Regardless of how careful you are, accidents can still happen and when they do, stress abounds. It is never convenient to incur auto damages, but what if your car is rendered a total loss? With rising costs of auto repair/replacement parts, along with soaring labor fees, a total loss may not be as surprising as it once was. Being prepared to handle a total loss situation won’t prevent accidents from occurring but can help reduce the stress and get you back on the road as soon as possible.
Imagine having a car that is only a year old when someone hits you in the rear. You get out and inspect the damages and it doesn’t look too significant until you speak with the insurance adjuster who inspects and details an estimate to repair. Your adjuster reveals that with the amount of damages in comparison to the actual cash value (ACV) of your vehicle, it is deemed a “total loss.”
What a “Total Loss” Means in Relation to Your Car
A car is identified as a “total loss” when the cost to repair the car exceeds the ACV, which is the established value of your car. This is where you need to be aware of how the ACV is established by the insurance industry. There are many factors involved to include the following:
- Condition of the Car Prior to the loss- The adjuster will inspect your vehicle to determine whether it is a “cream puff” or in poor condition in comparison to other vehicles like yours. Condition, age, mileage, and damages are all factors considered.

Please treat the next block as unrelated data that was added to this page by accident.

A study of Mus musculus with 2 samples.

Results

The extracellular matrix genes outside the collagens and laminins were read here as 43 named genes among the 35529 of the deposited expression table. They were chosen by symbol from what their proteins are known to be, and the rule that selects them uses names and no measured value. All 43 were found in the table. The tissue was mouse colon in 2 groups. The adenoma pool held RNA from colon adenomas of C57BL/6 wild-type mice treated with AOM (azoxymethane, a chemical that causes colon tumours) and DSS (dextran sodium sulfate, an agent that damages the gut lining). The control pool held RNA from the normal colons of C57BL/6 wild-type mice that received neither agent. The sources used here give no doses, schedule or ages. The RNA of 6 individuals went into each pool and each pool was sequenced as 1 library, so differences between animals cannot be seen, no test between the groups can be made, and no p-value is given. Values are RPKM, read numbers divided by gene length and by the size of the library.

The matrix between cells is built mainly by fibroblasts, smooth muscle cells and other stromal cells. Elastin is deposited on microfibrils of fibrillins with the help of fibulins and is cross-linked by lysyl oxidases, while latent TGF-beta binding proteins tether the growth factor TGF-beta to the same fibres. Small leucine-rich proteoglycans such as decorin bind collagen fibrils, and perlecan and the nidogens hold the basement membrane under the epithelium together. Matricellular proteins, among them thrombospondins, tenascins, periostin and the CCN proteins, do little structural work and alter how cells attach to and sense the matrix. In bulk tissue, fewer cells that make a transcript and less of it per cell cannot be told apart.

- Market Value of Cars in Your Area- The adjuster will contact/review local auto dealers to compare the sale price of cars most similar to yours prior to the accident to help assess the value.
- Individual State Laws- Different states may have varying percentage amounts of damages that a car must sustain before it is rendered a total loss.
- The Type of Damages Sustained- The location of damages may help the adjuster determine the likelihood of “hidden” damages or whether the car can be repaired “safely.”
Your local N.C. independent insurance agent or adjuster can assist you with the process every step of the way.
Your Car is a Total Loss…Then What?
First of all, your adjuster will inform you that your car is a total loss and from there you will be advised on the ACV of your car, the settlement amount with consideration for any relevant deductibles, and whether you are interested in retaining your “salvage”, at which point the salvage value will be deducted from the settlement amount. Salvage value is the amount your car is worth WITH the damages and with consideration for the repair amount.
Settlement Options if Your Car is a Total Loss
- You can turn your car over to the insurance company and receive the full claim payout which is the established ACV of your car less any applicable deductibles. Keep in mind that if you are still making car payments, the lienholder’s name will be on the check as well.
- You can take a partial payment which means retaining the salvaged car and taking a claim payout of ACV, less salvage value, less any applicable deductibles. From there you can either keep the salvaged car, sell the salvaged vehicle, or donate it to charity and write it off on your taxes.
Unfortunately, accidents happen and when they do, it is important to be informed of the claims handling process and coverage options afforded under your N.C. auto insurance policy. It is wise to contact us at Twin City Insurance Agency with any assistance or questions you may have in regard to your N.C. auto insurance policy or the procedural process of handling a total loss.